If you had a chance to get to the show or if you have been looking at new cars, which new model impresses you the most?
Even though this has been a very mild winter by all accounts, it has been a long time since cruise-in and car show season. The Canton Hot Rod Show gives enthusiasts a little taste of what we've been missing these past several months.
Held at the Canton Memorial Civic Center this weekend, Friday, February 17 through Sunday, February 19, over 130 customized show cars and 30 motorcycles will be displayed in the warmth and comfort of the arena. Several cars have been invited from out of the area as well as some of the nicer examples of local show cars. Though this segment of the hobby is not my absolute favorite, I make a point of attending and am always impressed by the craftsmanship involved in building these cars.
The expanse of the U.S. highway system spawned an entirely new culinary experience in the twentieth century; the roadside restaurant. Originally mom and pop snack shacks, they grew into chains like Howard Johnson's, Stuckey's and such. Now there are plazas on toll roads where you are actually captive to the offerings that the state has deemed appropriate.
Regardless, everyone has their favorite road food memories. I still fondly remember stopping at the giant Isaly's when we went to visit my aunt and uncle in Youngstown. Chip-chop ham on soft, buttered white bread was better than any lobster or prime strip steak to my pre-teen taste buds, especially since I knew it would be followed by a double scoop ice cream cone. What is your favorite road food memeory?
Everyone in northeast Ohio knows we've had a very mild winter so far. We find plenty of other weather issues to complain about, but the snow and ice have been minor. If you're happy about this situation you're welcome! No, I am not claiming to control the weather or even have extra pull in that area, but we did trade in our Saturn Vue on a Chevy Trailblazer this fall.
The Vue was purchased in May of 2008 during the $4+ gas prices. It was a nice size for us; big enough to carry the family, pull our boat and do light hauling, but not so big that I felt I was driving a tank. We got a great deal on the car and it got 20 mpg or more in city. We were content in our purchase and loving the savings then came winter. Some of the same features that allowed the Vue to get great gas mileage and made it nice to drive also made it practically worthless in the snow. Even with extra weight and good tires hills were nearly impossible, corners were treacherous and straightaways were white knuckle experiences.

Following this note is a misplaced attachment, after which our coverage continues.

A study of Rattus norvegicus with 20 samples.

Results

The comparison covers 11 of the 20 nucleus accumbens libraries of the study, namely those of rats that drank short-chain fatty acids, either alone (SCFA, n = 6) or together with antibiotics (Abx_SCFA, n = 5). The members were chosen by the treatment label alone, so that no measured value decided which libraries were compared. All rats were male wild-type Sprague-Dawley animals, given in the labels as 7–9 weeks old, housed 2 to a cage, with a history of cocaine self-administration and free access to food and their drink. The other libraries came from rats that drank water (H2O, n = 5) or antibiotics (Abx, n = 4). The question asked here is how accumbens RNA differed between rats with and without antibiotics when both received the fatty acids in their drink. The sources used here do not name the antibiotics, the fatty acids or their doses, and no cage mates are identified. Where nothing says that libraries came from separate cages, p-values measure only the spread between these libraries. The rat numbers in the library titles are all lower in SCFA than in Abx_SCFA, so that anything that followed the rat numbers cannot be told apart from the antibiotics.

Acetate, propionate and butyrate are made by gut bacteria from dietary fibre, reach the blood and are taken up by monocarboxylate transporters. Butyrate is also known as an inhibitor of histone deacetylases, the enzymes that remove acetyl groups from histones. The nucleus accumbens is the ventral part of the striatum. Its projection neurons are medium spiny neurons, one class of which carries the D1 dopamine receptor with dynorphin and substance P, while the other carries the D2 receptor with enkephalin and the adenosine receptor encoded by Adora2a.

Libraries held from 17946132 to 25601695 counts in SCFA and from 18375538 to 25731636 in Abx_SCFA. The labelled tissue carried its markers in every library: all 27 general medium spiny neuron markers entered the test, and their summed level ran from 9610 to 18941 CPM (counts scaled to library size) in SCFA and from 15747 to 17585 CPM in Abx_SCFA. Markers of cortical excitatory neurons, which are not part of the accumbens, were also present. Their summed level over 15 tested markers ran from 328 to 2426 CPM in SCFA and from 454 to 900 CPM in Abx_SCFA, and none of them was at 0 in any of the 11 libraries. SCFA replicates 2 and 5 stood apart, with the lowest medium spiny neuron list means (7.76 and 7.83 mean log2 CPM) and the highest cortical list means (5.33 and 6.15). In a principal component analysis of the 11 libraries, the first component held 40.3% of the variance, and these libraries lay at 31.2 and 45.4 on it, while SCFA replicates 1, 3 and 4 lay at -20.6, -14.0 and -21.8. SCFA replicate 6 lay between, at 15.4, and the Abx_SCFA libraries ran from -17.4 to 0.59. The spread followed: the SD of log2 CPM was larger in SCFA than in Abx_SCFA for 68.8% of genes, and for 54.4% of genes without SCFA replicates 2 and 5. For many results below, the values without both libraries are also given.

Since you're reading a blog called Car Chase, I assume you know that I'm not asking about a place in California. Some of you may know that a Berkeley is an esoteric British sports car made in small numbers about fifty years ago. These cute, little three and four wheel convertibles were powered by two and three cylinder motorcycle engines. Due to their diminutive size and very light weight, they were very popular and reasonably successful in the early sports car racing scene. They still have a good following to this day, although collector values are still relatively low.
The reason I bring all this up is that, as a former Berkeley owner, I occasionally do a Google search to see what's happening with them. The other day, I found a blog which chronicled a complete, professional restoration of a lucky example. As I mentioned before, Berkeley values aren't exactly at the top of the collector market so very few, if any, are professionally restored. What's even more interesting is the shop which did this wonderful work is right here in Northeast Ohio. I checked out the website for Pete's Custom Coachbuilding ( www.petescustomcoachbuilding.com ) and was amazed to see everything from micro cars to Indy racers to pre-war Packards in their portfolio.